The Book: P. J. O'Rourke, MODERN MANNERS: An Etiquette Book for Rude People. Atlantic Monthly trade paperback (first printing), 1990. Very good condition; spine is slightly sun-faded.
First read: 1990
Owned since: 1990
I'm not sure why I hung on to this book, except that it reminds me of a time and place I would not otherwise think of very often. Manners and humor are two things that change a lot over time and culture, and this satire is a time capsule of a specific American socio-economic class during the 1980s.
Once upon a time, such things as Yuppies roamed the earth. God help me, I aspired to be one of them -- though I was a little too young and a little too poor to do it properly. I am so far from the New York-Washington rat race now that I no longer know what people who used to be Yuppies now aspire to be -- helicopter parents, maybe, or even Dennis Hopper-style retirees.
I leaf through it now and find much of it downright quaint, although some of it is still pretty insightful: "We must be as obsequious as possible to famous people and do everything in our power to make them like us. Fame is a communicable disease."
What I Read This Week
Tana French, IN THE WOODS. This book won the Edgar for Best First Novel last night, and it's well-deserved. Twelve-year-old Adam Ryan goes out to the woods with his two best friends, Jamie and Peter, and only Adam comes back -- two days later, with his shirt torn and his shoes filled with blood. Twenty years later, a young girl is killed in the same area, and Adam is now a murder investigator who calls himself Robert. Robert is our narrator, still counting the cost of an ordeal he can't remember, and offering no easy answers for himself or for us. Moody, gripping, sad, and I've already got an advance copy of the sequel.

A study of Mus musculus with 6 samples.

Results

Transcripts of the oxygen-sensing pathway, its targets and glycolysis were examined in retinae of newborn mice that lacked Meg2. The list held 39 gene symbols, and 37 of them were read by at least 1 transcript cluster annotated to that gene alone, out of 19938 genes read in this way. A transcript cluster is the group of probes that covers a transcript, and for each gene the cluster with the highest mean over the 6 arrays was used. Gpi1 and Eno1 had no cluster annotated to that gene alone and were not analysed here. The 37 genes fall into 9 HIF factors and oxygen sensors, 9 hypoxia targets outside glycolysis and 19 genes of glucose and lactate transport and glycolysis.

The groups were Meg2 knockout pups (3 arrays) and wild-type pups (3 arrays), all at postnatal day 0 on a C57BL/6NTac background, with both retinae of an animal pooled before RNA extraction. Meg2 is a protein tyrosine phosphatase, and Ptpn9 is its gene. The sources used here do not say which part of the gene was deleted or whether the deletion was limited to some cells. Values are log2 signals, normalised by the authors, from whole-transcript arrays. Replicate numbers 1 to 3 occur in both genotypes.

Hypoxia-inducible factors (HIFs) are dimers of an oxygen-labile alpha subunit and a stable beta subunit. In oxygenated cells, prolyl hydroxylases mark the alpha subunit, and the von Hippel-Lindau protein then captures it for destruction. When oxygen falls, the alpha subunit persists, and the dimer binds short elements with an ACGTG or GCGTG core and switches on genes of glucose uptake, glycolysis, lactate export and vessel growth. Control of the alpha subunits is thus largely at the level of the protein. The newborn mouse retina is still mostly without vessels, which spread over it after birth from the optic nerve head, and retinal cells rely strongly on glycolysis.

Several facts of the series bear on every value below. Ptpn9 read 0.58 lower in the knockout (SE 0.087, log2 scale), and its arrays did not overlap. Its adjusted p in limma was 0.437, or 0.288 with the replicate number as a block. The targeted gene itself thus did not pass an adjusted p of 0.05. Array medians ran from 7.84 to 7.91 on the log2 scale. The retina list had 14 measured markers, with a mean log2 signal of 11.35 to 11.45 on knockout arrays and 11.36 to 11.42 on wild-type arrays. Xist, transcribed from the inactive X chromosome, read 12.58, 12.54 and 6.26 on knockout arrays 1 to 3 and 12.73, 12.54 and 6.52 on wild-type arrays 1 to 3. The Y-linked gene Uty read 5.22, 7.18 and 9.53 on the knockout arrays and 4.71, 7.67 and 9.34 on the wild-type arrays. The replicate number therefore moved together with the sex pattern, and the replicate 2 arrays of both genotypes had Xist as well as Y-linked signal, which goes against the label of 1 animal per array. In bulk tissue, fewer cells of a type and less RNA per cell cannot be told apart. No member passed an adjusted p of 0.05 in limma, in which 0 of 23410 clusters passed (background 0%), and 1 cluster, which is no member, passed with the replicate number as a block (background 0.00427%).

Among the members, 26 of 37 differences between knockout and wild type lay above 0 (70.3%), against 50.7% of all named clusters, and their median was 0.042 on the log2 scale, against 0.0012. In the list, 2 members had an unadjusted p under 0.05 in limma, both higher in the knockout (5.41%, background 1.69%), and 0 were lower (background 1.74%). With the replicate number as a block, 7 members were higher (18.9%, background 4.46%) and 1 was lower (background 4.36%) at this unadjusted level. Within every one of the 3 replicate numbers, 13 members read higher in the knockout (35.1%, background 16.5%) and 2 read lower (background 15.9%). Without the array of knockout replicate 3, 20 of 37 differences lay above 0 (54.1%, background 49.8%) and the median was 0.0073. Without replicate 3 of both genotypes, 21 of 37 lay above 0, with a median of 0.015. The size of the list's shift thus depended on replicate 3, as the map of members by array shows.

Chris Grabenstein, HELL HOLE. Yes, the title had me humming that Spinal Tap song off and on for a whole day. But this fourth John Ceepak mystery takes a much darker turn, as Ceepak and his partner/narrator, Danny Boyle, investigate the apparent suicide of an Iraq war veteran. We learn several surprising things about Ceepak, and the book ends with the promise of more troubling events to come. But Ceepak's rock-solid integrity remains a comfort to both Danny and us, and makes this series one of the most rewarding in crime fiction.
Nina Revoyr, THE AGE OF DREAMING. Jun Nakayama, a major star of silent films, left the screen abruptly in 1922. Forty years later, an eager journalist/aspiring screenwriter finds him and offers him the chance to return to filmmaking. As Nakayama considers the possibility, he remembers his rise to stardom and the terrible circumstances that ended his career. Revoyr gives us a unique perspective on the early days of Hollywood, retelling the story of the unsolved murder of William Desmond Taylor (thinly disguised) in a way that makes us consider the nature of responsibility and guilt. This is a beautiful, elegant book that deserves a great deal of attention.